The following is an op-ed by Stennis Space Center Director Dr. Rick Gilbrech. It is written in celebration of the 60th anniversary of NASA’s Stennis Space Center.
Monday, October 25th, marks the 60th anniversary of NASA’s announcement to establish a national rocket engine test site in south Mississippi. I was actually born one month after that historic announcement, so it is easy for me to keep track of Stennis anniversaries.
As construction was underway in the early 1960s, famed rocket scientist Dr. Wernher von Braun affirmed the importance of the new test facilities by stating, “I don’t know yet what method we will use to get to the Moon, but I do know that we have to go through Mississippi to get there!” Almost 60 years later, I am proud to lead the workforce that has grown into a model federal city and is once again at the forefront of NASA’s critical path back to the Moon.
Since the 1960s, the American human space program has flown on rocket systems and engines tested at Stennis. First and second stages of the Saturn V rocket for NASA’s Apollo Program were tested at Stennis, including those that propelled humans to the Moon on seven lunar missions from 1969 to 1972. Stennis engineers conducted the first-ever rocket engine test at the facility on April 23, 1966, a 15-second firing of a Saturn V second stage prototype (S-II-C). During the ensuing Apollo Program years, Stennis engineers conducted 43 test firings on 27 Saturn V rocket stages. All that were launched performed without a single failure.
Following the Apollo Program, Stennis was charged with testing the main engines needed to power the reusable space shuttle fleet. Stennis engineers conducted the first full-duration test of a space shuttle main engine on June 24, 1975. During the next 34 years, every main engine used on 135 space shuttle flights were tested at Stennis.
Prior to the first launch of a space shuttle, Stennis also conducted tests on the spacecraft’s main propulsion test article. For this testing, three main engines were configured as on a space shuttle orbiter during flight. Beginning in April 1978, Stennis operators conducted tests by firing all three main engines simultaneously on the B-2 Test Stand to prove the shuttle propulsion system flightworthy.
As a testament to Stennis’ expertise, the main propulsion system testing at Stennis allowed astronauts to ride on the very first launch of space shuttle Columbia in April 1981. Following that successful maiden mission, Columbia astronauts John Young and Robert Crippen visited Stennis to commend employees for their testing work. “John and I got to sit back and ride,” Crippen noted. “We couldn’t even make it look hard.”
Stennis has a reputation for tackling – and meeting – such hard testing challenges. In 2018, for instance, site personnel once again demonstrated their skill, teaming with the others to conduct an unprecedented 10 large engine tests in a 240-hour period. It was a remarkable and historic test campaign.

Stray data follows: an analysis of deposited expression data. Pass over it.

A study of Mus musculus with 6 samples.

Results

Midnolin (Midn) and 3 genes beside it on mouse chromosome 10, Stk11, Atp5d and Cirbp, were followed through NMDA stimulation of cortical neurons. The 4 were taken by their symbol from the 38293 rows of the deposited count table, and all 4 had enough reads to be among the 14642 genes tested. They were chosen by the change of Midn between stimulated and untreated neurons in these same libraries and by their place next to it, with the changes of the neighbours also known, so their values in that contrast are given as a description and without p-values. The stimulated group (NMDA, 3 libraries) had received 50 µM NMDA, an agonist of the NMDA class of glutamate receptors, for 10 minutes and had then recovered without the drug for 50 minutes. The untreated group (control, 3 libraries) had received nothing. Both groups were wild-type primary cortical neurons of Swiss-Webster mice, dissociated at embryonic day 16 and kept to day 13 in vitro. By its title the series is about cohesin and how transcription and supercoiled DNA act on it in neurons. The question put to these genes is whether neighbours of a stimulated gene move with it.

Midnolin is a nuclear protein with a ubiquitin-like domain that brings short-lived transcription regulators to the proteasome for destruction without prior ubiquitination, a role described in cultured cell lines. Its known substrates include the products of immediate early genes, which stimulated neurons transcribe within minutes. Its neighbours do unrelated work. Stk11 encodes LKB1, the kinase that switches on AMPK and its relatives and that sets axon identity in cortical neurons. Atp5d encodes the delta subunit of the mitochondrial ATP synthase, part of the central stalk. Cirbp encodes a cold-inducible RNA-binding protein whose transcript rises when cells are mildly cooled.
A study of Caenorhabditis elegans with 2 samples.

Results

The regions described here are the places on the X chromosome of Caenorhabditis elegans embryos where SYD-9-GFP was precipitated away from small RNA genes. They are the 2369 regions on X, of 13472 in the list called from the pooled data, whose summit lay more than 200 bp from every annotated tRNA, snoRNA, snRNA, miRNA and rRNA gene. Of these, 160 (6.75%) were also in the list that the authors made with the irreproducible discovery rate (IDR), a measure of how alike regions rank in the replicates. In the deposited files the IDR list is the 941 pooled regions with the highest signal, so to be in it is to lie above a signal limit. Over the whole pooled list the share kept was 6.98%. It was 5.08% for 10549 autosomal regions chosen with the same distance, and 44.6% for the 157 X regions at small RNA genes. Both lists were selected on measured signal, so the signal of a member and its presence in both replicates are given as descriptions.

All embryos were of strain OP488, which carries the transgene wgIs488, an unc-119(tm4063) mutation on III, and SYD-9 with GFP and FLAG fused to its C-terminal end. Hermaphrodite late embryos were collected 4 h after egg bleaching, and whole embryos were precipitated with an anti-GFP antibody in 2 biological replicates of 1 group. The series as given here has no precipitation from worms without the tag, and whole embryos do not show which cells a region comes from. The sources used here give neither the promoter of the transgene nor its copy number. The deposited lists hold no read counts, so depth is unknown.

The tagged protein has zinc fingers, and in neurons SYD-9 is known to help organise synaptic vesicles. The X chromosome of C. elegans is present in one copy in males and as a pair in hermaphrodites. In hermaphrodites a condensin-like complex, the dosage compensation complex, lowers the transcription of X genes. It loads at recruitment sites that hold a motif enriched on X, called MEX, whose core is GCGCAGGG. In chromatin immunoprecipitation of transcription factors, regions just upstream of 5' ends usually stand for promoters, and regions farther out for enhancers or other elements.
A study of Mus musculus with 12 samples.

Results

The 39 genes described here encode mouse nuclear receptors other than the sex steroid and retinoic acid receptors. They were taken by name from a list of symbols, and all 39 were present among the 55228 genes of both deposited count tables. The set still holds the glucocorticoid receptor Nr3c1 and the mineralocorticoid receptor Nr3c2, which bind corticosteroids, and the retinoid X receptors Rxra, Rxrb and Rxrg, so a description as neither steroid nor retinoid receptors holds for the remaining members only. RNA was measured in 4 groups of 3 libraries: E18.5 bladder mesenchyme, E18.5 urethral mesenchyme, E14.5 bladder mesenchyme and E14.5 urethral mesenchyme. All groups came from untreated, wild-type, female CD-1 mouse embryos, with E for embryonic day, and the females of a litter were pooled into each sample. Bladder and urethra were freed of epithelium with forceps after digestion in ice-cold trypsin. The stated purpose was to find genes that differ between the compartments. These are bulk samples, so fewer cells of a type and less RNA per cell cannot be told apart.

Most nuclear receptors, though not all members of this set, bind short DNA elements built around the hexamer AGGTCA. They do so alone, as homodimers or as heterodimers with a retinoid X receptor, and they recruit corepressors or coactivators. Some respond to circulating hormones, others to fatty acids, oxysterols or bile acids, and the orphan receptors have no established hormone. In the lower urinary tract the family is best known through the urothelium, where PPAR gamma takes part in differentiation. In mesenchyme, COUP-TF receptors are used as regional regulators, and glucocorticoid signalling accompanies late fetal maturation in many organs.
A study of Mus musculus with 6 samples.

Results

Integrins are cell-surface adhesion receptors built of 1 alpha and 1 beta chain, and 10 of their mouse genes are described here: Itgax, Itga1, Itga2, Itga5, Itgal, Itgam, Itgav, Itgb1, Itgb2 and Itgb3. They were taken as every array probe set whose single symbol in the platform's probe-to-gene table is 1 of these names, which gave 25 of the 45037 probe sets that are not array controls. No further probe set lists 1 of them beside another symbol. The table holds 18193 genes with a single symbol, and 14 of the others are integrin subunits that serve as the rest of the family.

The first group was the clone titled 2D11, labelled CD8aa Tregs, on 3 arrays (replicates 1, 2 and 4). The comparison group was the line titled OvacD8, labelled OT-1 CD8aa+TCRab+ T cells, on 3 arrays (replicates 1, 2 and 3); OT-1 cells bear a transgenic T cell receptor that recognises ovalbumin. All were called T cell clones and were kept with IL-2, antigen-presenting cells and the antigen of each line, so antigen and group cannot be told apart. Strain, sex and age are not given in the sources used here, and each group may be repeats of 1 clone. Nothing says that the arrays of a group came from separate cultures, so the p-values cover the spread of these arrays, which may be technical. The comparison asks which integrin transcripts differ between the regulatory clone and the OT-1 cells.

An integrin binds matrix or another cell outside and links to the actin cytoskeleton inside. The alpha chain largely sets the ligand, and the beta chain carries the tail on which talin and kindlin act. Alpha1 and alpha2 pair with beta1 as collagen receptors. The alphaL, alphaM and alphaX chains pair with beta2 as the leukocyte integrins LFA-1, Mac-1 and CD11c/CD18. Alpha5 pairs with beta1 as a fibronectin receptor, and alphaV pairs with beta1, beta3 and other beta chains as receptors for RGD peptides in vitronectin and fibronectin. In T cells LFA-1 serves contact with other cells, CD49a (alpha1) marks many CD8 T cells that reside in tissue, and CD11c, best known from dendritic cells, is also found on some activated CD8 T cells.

Most recently, Stennis has conducted frontline testing for NASA’s new Space Launch System (SLS) rocket. The site has been testing RS-25 engines to help power SLS since January 2015. In 2020, it began a series of Green Run tests of the first SLS core stage, culminating with a hot fire of the stage’s four RS-25 engines in March 18, 2021. The hot fire marked the most powerful test at Stennis in more than 40 years. The SLS core stage now is being prepared for launch of the maiden mission for NASA’s Artemis program, which will return humans, including the first woman and first person of color to the Moon and help prepare for eventual missions to Mars.
Since 1999, Stennis Space Center also has been a leader and model for partnering with companies to provide commercial space flights. From 1999-2021, Aerojet Rocketdyne (formerly Pratt & Whitney Rocketdyne) tested the RS-68 engines for the Delta IV rocket on the B-1 Test Stand. A host of other companies have partnered with the site as well, including SpaceX, Relativity Space, Stratolauncher, Blue Origin, Virgin Orbit, Launcher, and Firehawk, to name a few.
For 60 years and counting, Stennis Space Center has served as a major economic force, positively impacting NASA and the Gulf Coast region. Home to more than 40 resident agencies and a diverse workforce of more than 5,000 employees, Stennis remains a unique federal city and model for government efficiency.
I often think about how blessed I am to work with some of the most resilient, compassionate, and experienced people in NASA. The Stennis workforce embraces each challenge with vigor and enthusiasm. We have proven time and again that natural disasters or even a global pandemic cannot keep us from accomplishing our mission.
Our history is rich, and our future is brighter as we continue to power dreams to the Moon – and beyond. Join us on a journey to the next 60 years!
Click here for more information about NASA Stennis Space Center.
Stennis Space Center is a federal city operated by NASA since 1961. More than 40 on-site agencies, organizations, universities, and companies share operating costs, while pursuing individual missions, as a model of fiscal efficiency. If their combined workforces of more than 5,000 employees were counted as a single entity, Stennis would rank among the Top 10 Mississippi companies in size. The site is a major economic engine for the Gulf Coast region, with an average direct annual impact of more than $625 million within a 50-mile radius.